What do a retired nurse and a former commercial real estate attorney have in common? They are both passionate volunteers for the USS Midway Museum. Oh, and they just happen to be married to each other too.

For Bill and Nan O’Hara, they quickly figured out that the only thing better than becoming part of the Midway family individually, was to do it as a couple. Following their retirements in 2017, they joined the museum’s team of more than 800 volunteers the next year.

Bill is a former Navy machinist mate who served on the USS Duluth (LPD-6).

“I had completed a recent assignment with an investment trust and decided that my run in the corporate world was done,” said Bill, a native of East Lansing, Mich., who was a Navy machinist mate on the USS Duluth (LPD-6) from 1965-1970. “I was encouraged by Midway docent Harry Heggie, who volunteered with me at the time with the senior volunteers with the California Highway Patrol, to take a look at the USS Midway Museum. It’s now the best job I ever had.”

“My husband Bill told me about the safety and docent groups,” said Nan, who spent nearly 40 years as a pediatric nurse at Methodist Hospital in Indianapolis. “It sounded both interesting and challenging.”

Married now for seven years, both Bill and Nan weren’t satisfied with volunteering for only one department at the museum. Both lend their talents and enthusiasm to the docent corps as well as to the safety and outreach teams. Bill has also spent time assisting the curatorial department.

“Meeting people from all over the world and working with children gives me purpose and a way to learn about many cultures,” said Nan, a Bedford, Ind. native, who earned her nursing degree from the Indiana University School of Nursing. I also enjoy learning about the veterans and hearing their stories. It is an honor to be part of this group. I love it.”

“I get a sense of being useful to others as well as being part of a family of folks engaged in the specific purpose of growing and sustaining this priceless treasure of America’s Living Symbol of Freedom to a world that, in my estimation, has no idea of the prices paid and being paid for their continued freedoms,” said Bill, who received law degrees at both the Thomas Jefferson School of Law and Golden Gate University School of Law.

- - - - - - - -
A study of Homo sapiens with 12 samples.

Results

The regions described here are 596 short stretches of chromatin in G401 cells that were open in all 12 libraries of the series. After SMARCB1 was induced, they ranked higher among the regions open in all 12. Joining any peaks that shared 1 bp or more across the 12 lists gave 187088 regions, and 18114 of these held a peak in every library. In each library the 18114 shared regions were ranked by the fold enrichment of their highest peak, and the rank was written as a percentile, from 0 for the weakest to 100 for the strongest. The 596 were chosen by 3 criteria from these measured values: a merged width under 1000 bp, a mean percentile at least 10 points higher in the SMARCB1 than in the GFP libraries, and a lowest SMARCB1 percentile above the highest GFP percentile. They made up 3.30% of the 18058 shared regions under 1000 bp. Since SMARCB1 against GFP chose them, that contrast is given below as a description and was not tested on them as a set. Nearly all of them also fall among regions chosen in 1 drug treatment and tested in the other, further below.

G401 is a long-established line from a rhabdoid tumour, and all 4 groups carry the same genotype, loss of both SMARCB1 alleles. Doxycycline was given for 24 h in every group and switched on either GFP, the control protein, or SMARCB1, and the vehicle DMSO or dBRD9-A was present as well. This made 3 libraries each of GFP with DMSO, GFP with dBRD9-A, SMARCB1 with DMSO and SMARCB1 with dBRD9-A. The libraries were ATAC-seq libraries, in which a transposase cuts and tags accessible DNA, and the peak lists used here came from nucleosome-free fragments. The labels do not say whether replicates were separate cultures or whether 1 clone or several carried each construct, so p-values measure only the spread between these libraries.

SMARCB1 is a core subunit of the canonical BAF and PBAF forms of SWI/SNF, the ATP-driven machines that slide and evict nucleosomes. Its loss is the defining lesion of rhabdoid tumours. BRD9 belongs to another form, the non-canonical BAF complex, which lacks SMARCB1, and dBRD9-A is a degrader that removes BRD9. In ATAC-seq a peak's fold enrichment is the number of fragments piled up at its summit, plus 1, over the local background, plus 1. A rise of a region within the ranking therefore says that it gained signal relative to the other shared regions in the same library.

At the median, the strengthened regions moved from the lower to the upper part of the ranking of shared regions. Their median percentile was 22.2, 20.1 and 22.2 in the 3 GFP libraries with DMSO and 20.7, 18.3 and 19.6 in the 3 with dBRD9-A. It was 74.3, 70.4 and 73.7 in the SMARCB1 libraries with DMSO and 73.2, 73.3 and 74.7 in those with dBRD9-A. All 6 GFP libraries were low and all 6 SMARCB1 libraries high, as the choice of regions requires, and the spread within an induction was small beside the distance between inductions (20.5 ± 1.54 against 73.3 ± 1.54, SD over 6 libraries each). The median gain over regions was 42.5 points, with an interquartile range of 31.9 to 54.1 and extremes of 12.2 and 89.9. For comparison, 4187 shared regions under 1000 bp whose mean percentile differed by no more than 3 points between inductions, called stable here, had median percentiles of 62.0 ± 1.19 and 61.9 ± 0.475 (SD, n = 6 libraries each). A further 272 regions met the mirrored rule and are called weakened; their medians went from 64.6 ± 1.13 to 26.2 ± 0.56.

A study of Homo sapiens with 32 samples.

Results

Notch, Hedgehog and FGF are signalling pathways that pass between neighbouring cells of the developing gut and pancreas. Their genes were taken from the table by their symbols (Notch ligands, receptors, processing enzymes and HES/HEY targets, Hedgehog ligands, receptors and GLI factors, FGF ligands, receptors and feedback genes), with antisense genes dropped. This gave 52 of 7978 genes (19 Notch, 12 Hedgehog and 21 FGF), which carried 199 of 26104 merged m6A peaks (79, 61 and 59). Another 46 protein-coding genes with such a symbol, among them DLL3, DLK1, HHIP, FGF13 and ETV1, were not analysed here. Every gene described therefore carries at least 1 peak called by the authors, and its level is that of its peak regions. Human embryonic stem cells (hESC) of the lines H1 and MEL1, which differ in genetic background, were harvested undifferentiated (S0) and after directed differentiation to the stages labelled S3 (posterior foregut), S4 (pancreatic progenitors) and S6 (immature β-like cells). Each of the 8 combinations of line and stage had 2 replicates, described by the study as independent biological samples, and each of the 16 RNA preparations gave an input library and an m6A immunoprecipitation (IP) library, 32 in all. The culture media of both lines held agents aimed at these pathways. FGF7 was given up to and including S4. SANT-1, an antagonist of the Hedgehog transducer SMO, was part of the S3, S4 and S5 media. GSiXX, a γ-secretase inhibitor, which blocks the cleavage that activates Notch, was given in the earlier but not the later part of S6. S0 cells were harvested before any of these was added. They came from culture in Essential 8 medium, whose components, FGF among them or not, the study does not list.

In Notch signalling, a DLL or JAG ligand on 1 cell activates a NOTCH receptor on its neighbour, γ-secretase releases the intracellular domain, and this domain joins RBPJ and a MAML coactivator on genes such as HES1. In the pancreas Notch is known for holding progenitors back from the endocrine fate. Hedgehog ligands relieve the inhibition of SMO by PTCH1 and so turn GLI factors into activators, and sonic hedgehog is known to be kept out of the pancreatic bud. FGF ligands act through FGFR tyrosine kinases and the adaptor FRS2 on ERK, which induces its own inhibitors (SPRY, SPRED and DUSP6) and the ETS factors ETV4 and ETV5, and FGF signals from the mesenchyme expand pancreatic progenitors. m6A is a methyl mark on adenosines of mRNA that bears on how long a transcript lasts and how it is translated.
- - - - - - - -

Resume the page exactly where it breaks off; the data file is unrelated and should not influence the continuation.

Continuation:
Even before joining Midway, they both felt that civic involvement, especially as a volunteer, helps make the community better for everyone.

“It keeps us involved with a purpose in this life,” said Nan, who has more than 1,300 volunteer hours on Midway. “It also gives an added awareness of what makes San Diego so great.”

While both enjoy giving back to their community by volunteering on Midway, the rewards they receive when they connect with visitors on the ship continues to be priceless.

“I love the stories guests bring with them to the ship, and with some encouragement, begin to share stories of their time spent in the military,” said Bill, who has amassed more than 2,000 volunteer hours over the last five years. “It’s the gleam in the eye of a youngster as they work to earn their junior pilot wings and get the first understanding that this could be an answer to a dream about their future.”

Nan spent 37 years as a pediatric nurse.

Bill and Nan’s experiences are perfect examples of the satisfaction you get when volunteering for Midway, whether you’ve had prior military experience or not. While Nan never served in the armed forces, her time on Midway has helped her develop a tremendous appreciation for those who have worn the uniform of the nation.

“This experience has opened my eyes to the hard work performed by our military for our country,” said Nan, who relocated to San Diego several years ago. “It makes me grateful for what freedom has given me. The history of the Midway and all branches, no matter what their job was or is, comes down to teamwork. This continues when we volunteer. I’m thankful for the opportunity be part of the Midway Magic.”